To coincide with the SNP conference this week, Spinwatch, Unlock Democracy and Electoral Reform Society Scotland have published Holyrood Exposed: A Guide to Lobbying in Scotland.
Holyrood Exposed takes you on a walking tour of Edinburgh’s influence industry: the commercial lobbying agencies; corporate in-house lobbying teams; industry bodies, think tanks, and management consultants.
It tells you which lobbyists have been hiring top SNP staff; which have been wining and dining Nicola Sturgeon's special advisers; shines a light on some of the tactics they use to get their way; and profiles some of the powerful players lined up for policy battles on alcohol pricing, plain packaging for cigarettes and fracking in Scotland.
As more powers are devolved to Scotland, Holyrood has become an increasingly attractive target for lobbyists. “This is an incredibly exciting time for Scottish politics and public affairs”, says lobbying firm PLMR. Jon McLeod, chief lobbyist at Weber Shandwick, puts it bluntly: “post-referendum... there are going to be winners and losers across all sectors. It's a lobbyist's dream.”
Holyrood Exposed looks in detail at how lobbying firms plan to ensure their clients are among the winners.
At the moment, none of this lobbying activity is out in the open. The Scots have no way of knowing who is talking to their politicians and about what.
The Scottish government has proposed introducing some transparency into lobbying, with a compulsory register of lobbyists, but their proposals don’t go far enough. They will only allow the public to see a fraction of the lobbying taking place in Scotland. Holyrood Exposed points to successful lobbying registers in the US, Canada and elsewhere to show that Scotland has an opportunity to create real transparency in lobbying.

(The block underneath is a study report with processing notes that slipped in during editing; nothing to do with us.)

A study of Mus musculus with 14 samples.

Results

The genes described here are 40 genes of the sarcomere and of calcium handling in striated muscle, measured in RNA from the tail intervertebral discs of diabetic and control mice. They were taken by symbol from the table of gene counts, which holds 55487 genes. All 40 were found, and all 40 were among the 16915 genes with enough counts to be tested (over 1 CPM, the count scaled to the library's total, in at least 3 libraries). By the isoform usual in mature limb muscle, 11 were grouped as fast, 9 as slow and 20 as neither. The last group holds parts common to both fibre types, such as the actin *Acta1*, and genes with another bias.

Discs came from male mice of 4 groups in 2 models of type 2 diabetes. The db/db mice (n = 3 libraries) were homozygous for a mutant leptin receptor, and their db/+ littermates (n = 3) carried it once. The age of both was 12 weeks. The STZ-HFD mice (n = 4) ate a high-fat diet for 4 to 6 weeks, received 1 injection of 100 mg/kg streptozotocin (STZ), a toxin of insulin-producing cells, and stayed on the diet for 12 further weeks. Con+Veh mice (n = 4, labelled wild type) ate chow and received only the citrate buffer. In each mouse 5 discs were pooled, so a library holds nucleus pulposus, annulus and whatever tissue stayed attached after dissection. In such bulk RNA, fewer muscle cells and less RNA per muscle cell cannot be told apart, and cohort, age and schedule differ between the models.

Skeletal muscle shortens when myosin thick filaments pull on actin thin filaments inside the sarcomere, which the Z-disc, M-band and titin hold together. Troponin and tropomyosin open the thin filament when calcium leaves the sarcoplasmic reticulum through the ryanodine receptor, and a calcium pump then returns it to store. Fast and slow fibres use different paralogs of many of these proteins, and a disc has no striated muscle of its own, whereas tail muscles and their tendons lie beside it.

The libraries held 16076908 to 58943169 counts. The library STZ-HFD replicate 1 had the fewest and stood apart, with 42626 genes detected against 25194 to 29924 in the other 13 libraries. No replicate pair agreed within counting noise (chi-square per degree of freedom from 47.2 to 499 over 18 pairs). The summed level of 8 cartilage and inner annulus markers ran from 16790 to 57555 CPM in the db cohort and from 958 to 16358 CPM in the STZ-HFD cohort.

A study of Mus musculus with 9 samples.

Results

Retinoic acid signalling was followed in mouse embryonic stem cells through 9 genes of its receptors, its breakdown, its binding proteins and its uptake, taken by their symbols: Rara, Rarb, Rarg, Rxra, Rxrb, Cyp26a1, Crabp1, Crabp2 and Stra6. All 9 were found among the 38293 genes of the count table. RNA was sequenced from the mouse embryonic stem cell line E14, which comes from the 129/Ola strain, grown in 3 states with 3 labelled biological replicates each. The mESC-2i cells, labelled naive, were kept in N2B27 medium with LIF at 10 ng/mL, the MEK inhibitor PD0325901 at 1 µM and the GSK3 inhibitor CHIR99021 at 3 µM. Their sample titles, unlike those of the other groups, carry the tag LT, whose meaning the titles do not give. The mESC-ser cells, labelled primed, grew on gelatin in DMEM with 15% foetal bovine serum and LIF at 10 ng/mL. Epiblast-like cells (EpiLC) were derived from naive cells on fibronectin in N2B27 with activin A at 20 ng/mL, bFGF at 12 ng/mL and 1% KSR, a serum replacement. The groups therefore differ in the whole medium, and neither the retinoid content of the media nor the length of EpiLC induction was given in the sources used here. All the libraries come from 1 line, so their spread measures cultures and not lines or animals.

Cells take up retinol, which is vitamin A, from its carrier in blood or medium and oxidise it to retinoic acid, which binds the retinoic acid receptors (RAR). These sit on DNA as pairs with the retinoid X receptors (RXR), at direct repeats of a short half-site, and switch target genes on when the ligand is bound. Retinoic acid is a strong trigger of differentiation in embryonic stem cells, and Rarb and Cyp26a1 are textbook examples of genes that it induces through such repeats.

Tamasin Cave of Spinwatch said: "Having watched the Westminster government bodge transparency rules for lobbyists down here, it's disheartening to see the Scottish government go down the same road.
"A decent register of lobbyists – which would simply make public who is lobbying whom, about what, and how much they are spending in the process – is an essential feature of modern government, not a 'nice to have'.
Westminster's lobbyists are drooling at the opportunities Scottish politics presents. As a consequence, they are buying up anyone with an inside track to the SNP. The Scottish government must allow people to see exactly who it is talking to, not just the tiny proportion of the lobbying industry currently proposed. Their plans are a long way from the new politics Scotland was promised."